Black Woman Opening Birthing Center to Save Black Moms and Babies

(Image: LinkedIn / Leseliey Welch, MBA, MPH / Screenshot)

A former Detroit public health official launched new initiatives geared towards saving the lives of birthing mothers and their newborns.

Leseliey Welch leads two initiatives to serve underrepresented communities.

The first organization, Birth Center Equity, offers capital and operational funding for birth centers around the U.S. Welch and her team committed more than $1 million in funding to help launch birth centers in Colorado and Washington.

Birth Center Equity provides midwife care in free-standing birth centers and aims to ensure pregnant women have hands-on care. The goal, Welch said in her interview with Forbes, is to raise $100 million over 10 years as co-founder of the movement.

“Sixty million dollars could open the 19 birth centers in development and put 11 more in a position where they don’t have to lose money to serve their communities,” she told the outlet.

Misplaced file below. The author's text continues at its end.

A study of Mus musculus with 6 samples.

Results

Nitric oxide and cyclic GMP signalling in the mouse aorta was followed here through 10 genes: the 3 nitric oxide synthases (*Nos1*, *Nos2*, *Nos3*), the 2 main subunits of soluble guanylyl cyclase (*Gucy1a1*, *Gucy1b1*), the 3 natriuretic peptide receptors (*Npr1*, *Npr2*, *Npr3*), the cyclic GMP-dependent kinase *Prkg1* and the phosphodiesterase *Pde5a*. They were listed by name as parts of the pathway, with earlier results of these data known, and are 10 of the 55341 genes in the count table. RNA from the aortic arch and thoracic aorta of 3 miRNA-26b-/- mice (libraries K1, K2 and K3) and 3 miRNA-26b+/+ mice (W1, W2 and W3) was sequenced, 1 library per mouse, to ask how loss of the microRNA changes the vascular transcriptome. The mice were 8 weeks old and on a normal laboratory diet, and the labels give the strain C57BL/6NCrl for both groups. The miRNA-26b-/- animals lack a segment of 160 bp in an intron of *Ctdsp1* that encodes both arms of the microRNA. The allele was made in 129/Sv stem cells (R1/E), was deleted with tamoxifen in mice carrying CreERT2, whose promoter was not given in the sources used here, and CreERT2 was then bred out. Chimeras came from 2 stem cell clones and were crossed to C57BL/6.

The second effort is ensuring underrepresented communities, such as areas in her native city, Detroit, are not left out of the birth-center movement. 

Welch is also the co-founder of Birth Detroit, which aims to offer midwife care through pregnancy, birth, and beyond. Birth Detroit plans to deliver babies once construction is completed sometime next year.

“Part of its commitment is that no one in need of services will be turned away,” Welch said to Forbes.

Her passion comes from witnessing the death of her sister-in-law’s premature son soon after his birth.

In addition, Welch shared that she had a premature baby that survived and previously experienced a miscarriage. 

Welch reportedly teamed up with Full Spectrum Capital Partners to help birth centers operate without the constant need to fundraise for capital.

“Birth centers and midwives see birth as a normal physiological life process that does not normally require medical intervention and surgery,” Welch said.

“Research supports that 80% to 87% of us [birthing mothers] can safely give birth with midwives in a community setting. But in the U.S., we do the exact opposite, and that’s not an accident.”